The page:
When it comes to updating
podcasts, iTunes provides only a few options. Using the Podcasts tab in Preferences, you can set iTunes to update your podcasts daily, hourly, weekly, or manually. If you’re using daily, for instance, and you shut down iTunes in the evening, before the update has had a chance to run, then when you next connect your iPod, you may find that you don’t have any new podcasts to sync.
You can, of course, fix this by going to the Podcasts section of iTunes and clicking the Refresh button…but that’s a lot of work, especially if you normally leave your iTunes window in its miniature state. As an alternative solution, a one-line AppleScript can greatly ease the process of updating your podcasts—thanks to a couple of features of iTunes and the system.
First, you’ll need to create the script. Open Script Editor (in Applications -> AppleScript), and enter this one line:
tell application "iTunes" to updateAllPodcasts
Select File -> Save As, and name your script
(or whatever you like). The first trick to making this script super-easy to use is to save it in the proper folder. In the Save As dialog, navigate into your user’s Library -> iTunes -> Scripts folder. (If you don’t see the Scripts folder, click the New Folder button and create it—just make sure you’re in the Library -> iTunes folder first.) You can leave all the other settings as they are, and then click Save.
To see your new handiwork, switch to iTunes and you’ll see a new AppleScripts icon between the Windows and Help menu; activate it, and you’ll see your new Update Podcats script. This Scripts folder is one of iTunes’ hidden gems. Any AppleScripts you store here will appear directly in iTunes. You can drop in, for instance, one of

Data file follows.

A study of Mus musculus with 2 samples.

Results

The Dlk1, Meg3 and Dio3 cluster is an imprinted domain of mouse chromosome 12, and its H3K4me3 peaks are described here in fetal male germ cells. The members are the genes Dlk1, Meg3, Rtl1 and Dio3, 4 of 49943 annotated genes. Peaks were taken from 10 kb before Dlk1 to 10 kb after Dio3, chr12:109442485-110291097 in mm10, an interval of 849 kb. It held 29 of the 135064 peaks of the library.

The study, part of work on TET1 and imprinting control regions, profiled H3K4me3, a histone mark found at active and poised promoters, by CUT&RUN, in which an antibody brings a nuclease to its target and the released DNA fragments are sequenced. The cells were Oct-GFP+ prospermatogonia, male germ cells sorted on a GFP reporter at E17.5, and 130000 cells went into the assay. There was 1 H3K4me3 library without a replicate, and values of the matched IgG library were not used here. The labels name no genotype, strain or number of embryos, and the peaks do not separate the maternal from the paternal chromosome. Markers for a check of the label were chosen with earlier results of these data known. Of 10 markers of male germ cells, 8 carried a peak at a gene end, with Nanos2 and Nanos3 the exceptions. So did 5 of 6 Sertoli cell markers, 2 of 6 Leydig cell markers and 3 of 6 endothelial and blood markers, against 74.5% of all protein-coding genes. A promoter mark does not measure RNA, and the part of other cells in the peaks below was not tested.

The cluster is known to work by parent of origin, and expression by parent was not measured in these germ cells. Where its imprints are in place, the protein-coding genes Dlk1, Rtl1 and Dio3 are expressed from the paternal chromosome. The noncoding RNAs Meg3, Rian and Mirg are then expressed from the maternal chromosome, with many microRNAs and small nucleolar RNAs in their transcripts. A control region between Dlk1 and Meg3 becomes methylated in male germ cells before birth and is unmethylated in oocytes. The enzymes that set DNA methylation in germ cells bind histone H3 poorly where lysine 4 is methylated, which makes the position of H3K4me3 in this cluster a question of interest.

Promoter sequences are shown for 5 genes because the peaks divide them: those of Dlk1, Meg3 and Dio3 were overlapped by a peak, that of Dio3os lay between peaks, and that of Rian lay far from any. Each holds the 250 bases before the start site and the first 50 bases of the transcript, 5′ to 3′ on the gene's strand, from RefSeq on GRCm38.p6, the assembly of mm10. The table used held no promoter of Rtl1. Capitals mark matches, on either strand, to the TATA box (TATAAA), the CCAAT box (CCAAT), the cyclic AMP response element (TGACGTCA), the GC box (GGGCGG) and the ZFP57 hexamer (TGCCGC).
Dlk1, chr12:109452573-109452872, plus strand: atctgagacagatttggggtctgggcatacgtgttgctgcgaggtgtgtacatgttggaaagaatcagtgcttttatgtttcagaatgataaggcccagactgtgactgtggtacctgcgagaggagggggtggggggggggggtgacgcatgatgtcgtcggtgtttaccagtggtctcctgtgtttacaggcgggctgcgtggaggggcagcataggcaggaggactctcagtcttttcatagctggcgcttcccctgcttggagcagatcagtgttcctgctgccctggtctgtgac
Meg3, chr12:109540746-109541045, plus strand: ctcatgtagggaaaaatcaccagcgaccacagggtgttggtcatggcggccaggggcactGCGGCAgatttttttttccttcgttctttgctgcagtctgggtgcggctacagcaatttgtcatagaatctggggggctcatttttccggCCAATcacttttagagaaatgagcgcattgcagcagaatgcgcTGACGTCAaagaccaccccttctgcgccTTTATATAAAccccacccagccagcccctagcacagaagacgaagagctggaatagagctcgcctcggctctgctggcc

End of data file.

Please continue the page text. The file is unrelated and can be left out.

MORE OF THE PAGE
these 10 AppleScripts for iTunes, which were chosen from more than 300 iTunes AppleScripts you’ll find at
Doug’s AppleScripts for iTunes. (Dan Frakes also covered some useful scripts in
this MacGems entry.) You can then access them directly from iTunes, making them amazingly easy to use.
But they can be even easier—you can assign keyboard shortcuts to these scripts, just as you would with a standard menu item. Quit iTunes and open System Preferences’ Keyboard & Mouse panel. Select the Keyboard Shortcuts tab, and click the plus sign at the bottom left of the window. In the new dialog that appears, set the Application to iTunes, and enter the
name of your script in the Menu Title field (
in this example). For the keyboard shortcut, enter whatever you’d like to use, but remember to make it unique—perhaps something like Control-Option-U. When it’s all filled in, it should look like this (I named my script with a “1” at the front, so it will float to the top of my scripts list):
Click Add when you have everything filled in, then relaunch iTunes. Activate the special AppleScript menu again, and you should see that your script now has a handy keyboard shortcut:
Obviously, you can do this with any of the other scripts you add as well, though you should probably limit your shortcuts to those scripts you use most often—too many keyboard shortcuts will just be confusing, instead of time-saving. Between the special AppleScripts menu, and the ability to add keyboard shortcuts to your most-used scripts, you can really customize iTunes to match the way you work with it.